The specific heat capacity can be defined as the necessary heat to increase the temperature of one unit of mass of an object made out of a certain material by one unit.

So the specific heat capacity is related to a substance, it's mass and it's temperature increase.

Now, if we consider a polyatomic gas, then for the specific heat capacity one can write (in constant volume):



$C_v^{tra}$ is the translational specific heat capacity.

$C_v^{vib}$ is the vibrational specific heat capacity.

$C_v^{rot}$ is the rotational specific heat capacity.

Let's consider the $C_v^{tra}$ (the same question I have is valid for the rest). How to understand the translational specific heat capacity in constant volume/pressure? And how it's different then the other two?

If I had to guess, I guess the translational specific heat capacity, relates somehow, the increase of temperature with the velocity of the propagation of the particles? I am not sure

  • $\begingroup$ The specific heat of a gas is process dependent. It appears you are only considering the specific heat at constant volume. Is that correct? $\endgroup$
    – Bob D
    Feb 24 at 21:23
  • $\begingroup$ for this particular case yes $\endgroup$
    – imbAF
    Feb 24 at 21:30

2 Answers 2


The heat capacity tells you how much the internal energy increases when temperature is increased by $dT$. Internal energy has several contributions, e.g., translational, vibrational, rotational and others. When we add an amount $dU$ of energy to a molecule some of that energy will go into translational (molecules will move faster on average), some will go to vibrational (bond will vibrate faster), and so on. Each heat capacity tells us how much of the added energy goes into each different type of molecular motion.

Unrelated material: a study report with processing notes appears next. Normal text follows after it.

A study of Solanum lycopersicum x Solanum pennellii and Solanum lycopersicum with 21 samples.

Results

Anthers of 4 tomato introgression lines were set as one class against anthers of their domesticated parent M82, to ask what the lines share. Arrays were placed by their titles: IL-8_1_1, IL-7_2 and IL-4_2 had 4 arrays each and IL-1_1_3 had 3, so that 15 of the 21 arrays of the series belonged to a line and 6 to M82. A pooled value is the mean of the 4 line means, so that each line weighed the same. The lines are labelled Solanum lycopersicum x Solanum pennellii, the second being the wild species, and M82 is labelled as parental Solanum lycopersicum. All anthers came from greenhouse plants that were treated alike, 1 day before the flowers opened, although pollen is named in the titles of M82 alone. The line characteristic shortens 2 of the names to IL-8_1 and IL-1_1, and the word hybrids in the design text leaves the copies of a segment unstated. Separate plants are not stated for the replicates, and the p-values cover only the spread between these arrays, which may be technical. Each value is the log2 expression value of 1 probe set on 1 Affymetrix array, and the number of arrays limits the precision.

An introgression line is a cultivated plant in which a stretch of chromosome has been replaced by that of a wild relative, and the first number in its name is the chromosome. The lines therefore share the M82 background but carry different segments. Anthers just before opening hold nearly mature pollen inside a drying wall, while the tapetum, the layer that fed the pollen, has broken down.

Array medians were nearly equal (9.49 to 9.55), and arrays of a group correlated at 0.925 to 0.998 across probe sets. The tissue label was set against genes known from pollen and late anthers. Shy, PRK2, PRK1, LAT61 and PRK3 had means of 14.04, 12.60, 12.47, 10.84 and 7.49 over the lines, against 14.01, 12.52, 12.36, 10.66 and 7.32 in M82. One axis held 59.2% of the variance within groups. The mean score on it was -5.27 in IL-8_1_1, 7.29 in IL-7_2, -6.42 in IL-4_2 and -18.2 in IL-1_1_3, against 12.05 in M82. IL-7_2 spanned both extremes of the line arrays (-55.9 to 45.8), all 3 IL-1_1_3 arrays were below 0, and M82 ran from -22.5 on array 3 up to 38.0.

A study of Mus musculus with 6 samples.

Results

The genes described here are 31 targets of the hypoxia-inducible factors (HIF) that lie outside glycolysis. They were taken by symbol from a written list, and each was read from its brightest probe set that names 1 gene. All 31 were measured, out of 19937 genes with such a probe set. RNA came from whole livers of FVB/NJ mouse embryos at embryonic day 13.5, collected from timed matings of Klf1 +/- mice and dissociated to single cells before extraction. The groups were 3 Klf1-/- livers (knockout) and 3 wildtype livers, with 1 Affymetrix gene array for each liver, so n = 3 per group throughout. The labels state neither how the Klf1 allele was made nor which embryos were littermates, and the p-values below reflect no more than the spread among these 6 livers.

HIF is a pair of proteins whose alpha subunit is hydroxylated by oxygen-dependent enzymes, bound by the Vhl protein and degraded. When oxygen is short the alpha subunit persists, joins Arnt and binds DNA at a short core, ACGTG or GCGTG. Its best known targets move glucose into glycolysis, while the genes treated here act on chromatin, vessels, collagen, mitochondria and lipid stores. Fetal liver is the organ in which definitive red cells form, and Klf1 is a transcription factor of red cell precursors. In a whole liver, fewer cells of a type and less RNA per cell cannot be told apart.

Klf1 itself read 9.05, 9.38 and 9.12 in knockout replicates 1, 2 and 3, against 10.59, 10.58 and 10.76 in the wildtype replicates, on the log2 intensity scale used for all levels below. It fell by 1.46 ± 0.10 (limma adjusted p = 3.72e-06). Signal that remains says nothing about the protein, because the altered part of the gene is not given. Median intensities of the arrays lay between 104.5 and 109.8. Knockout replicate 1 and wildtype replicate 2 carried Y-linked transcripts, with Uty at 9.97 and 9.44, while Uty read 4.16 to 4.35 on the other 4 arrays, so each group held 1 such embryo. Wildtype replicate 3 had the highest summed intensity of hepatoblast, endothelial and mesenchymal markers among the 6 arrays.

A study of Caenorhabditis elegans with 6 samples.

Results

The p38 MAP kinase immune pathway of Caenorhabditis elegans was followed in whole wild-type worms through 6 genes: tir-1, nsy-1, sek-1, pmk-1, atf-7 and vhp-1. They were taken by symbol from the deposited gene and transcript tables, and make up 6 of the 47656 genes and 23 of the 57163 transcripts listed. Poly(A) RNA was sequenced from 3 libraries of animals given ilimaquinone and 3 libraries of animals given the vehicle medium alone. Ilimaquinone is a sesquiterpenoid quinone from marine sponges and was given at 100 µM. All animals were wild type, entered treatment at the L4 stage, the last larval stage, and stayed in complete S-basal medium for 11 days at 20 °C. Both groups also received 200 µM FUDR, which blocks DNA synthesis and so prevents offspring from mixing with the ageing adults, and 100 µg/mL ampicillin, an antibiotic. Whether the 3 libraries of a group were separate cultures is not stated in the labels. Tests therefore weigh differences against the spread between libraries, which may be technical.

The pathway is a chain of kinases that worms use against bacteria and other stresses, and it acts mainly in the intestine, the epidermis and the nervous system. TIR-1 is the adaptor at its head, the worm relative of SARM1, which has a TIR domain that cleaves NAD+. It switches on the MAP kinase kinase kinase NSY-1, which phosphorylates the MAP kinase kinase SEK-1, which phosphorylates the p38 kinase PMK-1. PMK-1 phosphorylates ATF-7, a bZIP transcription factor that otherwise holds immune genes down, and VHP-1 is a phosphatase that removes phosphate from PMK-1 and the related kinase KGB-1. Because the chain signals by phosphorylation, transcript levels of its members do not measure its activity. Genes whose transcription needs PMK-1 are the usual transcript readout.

If I had to guess, I guess the translational specific heat capacity, relates somehow, the increase of temperature with the velocity of the propagation of the particles? I am not sure

If you do a classical analogy argument, the translational heat capacity is the increase in kinetic energy with the gas particles moving faster. This is, of course, the standard $1/2mv^{2}$ equation, but the gas particles have different velocities, so it is actually the mean square for the velocity distribution.

You can see this for the Maxwell-Boltzman distribution here.

Perfect ideal gasses have single element particles, so there is no vibration, rotation, or interparticle interaction. Real substances have other energetic phenomena, and so additional contributors to the heat capacity.

The reason way "at constant volume" and "at constant pressure" are different is because at constant pressure, the gas changes volume, so work crosses the system boundary as well. For an ideal gas, the change in temperature is still due to the same change in translational energy, but the amount of heat transfer involved in the process is different due to the work involvement as well. For real substances, the other factors could make the final total internal energy be different, since the states are different after constant volume or constant pressure heat transfer.

Note that we always deal with approximations to idealness. Generally, monatomic gases will fit the ideal behavior closer over more property range. Because O2 for example is diatomic, there must necessarily be additional contributors to the heat capacity than translation (vibration and rotation). At sufficiently low densities, etc., ideal gas theory can include these modified heat capacities. However, the deviation from ideal behavior will generally come faster than monatomic gasses such as He.